TWK Investments aims to secure supply with forestry acquisition
ZAR X-listed agriculture and forestry group is in talks to buy an 11,000ha forest in Mpumalanga and KwaZulu-Natal
TWK Investments (TWK), a diversified agriculture and forestry company, was in negotiations to buy an 11,000ha forest in Mpumalanga and KwaZulu-Natal, CEO Andre Myburgh said on Friday.
The mooted purchase affirms the company’s strategy to invest in the value chain of timber-related product production and to expand own plantations to secure supply.
TWK’s timber business sells about 1.45-million tons of round timber a year, about 10% of SA's total round-timber market.
TWK, which is listed on ZAR X, operates through its timber, retail and mechanisation, financial services, grain and vehicles and tyres businesses.
Myburgh singled out the acquisition of the forest and increasing the interest in subsidiary BedRock Mining Support to 55% as some of TWK’s priorities in the new financial year. BedRock provides underground mine support to the SA’s gold and platinum mines.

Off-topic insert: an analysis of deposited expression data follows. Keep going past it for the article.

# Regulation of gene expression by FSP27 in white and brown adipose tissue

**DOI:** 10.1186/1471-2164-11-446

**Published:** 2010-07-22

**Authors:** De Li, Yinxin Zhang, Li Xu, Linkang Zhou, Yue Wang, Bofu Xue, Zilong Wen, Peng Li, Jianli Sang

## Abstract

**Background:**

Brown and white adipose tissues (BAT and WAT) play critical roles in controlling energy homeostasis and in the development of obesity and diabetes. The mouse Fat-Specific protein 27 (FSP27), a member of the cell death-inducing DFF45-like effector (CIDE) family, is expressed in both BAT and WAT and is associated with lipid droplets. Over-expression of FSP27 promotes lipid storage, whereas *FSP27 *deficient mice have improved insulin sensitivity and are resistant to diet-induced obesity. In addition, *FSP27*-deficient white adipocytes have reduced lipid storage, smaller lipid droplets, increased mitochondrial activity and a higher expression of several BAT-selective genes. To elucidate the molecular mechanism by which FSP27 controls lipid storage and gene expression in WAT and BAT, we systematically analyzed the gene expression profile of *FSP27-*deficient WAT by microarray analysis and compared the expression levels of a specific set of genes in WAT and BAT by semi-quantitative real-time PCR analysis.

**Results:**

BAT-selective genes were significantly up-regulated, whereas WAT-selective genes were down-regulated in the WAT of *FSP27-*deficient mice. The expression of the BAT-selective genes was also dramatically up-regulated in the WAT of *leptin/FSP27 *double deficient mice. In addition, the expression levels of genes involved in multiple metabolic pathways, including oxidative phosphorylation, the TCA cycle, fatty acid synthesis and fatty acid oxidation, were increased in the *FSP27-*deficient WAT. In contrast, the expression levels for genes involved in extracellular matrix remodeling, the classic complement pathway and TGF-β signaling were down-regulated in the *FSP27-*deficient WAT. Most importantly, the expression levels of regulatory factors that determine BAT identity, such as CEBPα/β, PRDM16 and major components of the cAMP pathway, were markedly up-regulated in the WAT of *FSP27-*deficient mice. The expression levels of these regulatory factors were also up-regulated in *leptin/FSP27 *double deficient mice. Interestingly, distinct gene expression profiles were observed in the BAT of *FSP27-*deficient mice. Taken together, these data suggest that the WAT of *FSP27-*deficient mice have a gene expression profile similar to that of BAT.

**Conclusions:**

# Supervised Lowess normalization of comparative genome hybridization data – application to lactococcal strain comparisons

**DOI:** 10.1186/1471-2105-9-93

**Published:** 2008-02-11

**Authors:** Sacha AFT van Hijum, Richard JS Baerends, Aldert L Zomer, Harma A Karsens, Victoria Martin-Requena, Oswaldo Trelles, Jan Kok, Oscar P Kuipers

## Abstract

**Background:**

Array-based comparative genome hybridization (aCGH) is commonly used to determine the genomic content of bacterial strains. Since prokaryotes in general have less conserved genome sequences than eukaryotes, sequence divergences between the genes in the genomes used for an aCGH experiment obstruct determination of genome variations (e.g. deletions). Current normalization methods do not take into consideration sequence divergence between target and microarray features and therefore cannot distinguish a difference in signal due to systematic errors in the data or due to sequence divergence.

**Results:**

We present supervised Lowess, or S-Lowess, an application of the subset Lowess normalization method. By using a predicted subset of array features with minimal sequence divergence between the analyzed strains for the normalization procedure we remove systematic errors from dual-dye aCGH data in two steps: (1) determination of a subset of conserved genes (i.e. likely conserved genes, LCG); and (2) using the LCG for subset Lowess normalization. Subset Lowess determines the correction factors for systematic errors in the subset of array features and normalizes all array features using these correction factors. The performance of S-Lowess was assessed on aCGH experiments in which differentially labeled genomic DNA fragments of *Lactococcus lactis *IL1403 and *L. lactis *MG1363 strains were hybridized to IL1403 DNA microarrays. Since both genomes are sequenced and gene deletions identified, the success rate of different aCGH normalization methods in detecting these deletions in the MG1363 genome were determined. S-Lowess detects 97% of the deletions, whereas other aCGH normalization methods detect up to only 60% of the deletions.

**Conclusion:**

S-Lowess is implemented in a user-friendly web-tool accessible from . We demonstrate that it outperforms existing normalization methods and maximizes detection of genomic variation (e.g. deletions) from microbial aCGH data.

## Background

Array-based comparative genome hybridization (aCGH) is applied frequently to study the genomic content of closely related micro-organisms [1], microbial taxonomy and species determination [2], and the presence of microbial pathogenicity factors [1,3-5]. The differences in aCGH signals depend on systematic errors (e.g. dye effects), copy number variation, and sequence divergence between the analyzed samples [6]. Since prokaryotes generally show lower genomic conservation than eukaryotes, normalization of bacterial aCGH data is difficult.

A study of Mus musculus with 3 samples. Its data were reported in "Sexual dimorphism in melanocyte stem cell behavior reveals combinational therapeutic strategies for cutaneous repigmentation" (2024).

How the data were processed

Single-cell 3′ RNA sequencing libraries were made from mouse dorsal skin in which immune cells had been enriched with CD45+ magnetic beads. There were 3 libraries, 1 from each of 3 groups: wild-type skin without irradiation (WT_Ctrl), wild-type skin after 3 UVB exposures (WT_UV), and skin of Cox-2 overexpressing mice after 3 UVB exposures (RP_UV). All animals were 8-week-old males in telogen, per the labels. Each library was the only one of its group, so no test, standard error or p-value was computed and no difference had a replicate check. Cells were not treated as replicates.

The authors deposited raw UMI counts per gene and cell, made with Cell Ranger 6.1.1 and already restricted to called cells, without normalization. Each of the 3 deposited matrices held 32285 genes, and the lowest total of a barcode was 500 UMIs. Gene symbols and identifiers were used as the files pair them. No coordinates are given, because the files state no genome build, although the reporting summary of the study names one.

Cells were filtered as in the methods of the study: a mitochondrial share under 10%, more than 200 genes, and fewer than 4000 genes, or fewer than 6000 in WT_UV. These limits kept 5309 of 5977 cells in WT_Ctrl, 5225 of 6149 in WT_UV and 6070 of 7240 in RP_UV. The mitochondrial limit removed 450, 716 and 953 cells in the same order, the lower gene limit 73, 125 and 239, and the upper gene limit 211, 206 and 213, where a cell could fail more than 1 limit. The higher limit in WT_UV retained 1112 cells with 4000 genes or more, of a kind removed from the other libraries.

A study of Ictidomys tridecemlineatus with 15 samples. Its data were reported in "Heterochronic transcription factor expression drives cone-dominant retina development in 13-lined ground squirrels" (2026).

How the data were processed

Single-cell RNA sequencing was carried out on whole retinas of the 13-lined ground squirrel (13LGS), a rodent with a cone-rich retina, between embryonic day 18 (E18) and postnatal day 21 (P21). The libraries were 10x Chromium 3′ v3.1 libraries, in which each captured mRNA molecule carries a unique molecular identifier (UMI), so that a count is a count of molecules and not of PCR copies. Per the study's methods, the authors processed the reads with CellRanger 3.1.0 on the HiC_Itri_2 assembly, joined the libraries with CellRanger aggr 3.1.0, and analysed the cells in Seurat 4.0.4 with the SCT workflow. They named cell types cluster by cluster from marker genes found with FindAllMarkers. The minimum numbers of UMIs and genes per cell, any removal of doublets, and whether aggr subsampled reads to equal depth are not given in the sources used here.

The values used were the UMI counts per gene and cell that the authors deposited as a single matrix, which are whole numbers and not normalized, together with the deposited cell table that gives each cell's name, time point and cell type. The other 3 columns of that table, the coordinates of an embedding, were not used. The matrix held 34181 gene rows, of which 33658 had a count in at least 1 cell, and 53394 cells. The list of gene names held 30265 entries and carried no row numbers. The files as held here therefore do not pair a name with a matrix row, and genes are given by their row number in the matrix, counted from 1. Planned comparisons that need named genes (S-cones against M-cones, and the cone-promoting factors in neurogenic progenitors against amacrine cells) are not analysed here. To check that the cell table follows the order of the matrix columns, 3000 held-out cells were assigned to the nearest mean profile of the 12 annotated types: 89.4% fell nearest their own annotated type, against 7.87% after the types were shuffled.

“Through our strong cash flow generation and financial position we are well-positioned to capitalise on new opportunities,” he said. Myburgh, however, declined to name the seller of the forest asset.
At 119%, TWK’s debt to equity ratio is below the targeted range of 150%-200%.
Myburgh was speaking after the company released results for the year to end-August, which showed TWK brushing aside grain-price fluctuations, uncertain economic and financial conditions and drought in parts of the country.
The company – with clients including grain, timber, milk and vegetable producers – pushed up revenue almost 10% to R7.7bn with operating profit creeping up 1.7% to R332m. Basic earnings jumped 18% to 434c per share.
TWK’s net asset value (NAV) shifted up almost 9% to R35.98 per share.
“We are trading at an NAV of more than R35 but the share price is at around R18. There is a lot of value in the company,” Myburgh said.
The dividend was hiked 25% to 75c per share. TWK CFO Eddie Fivaz said the company strove for a healthy balance between borrowed and own capital.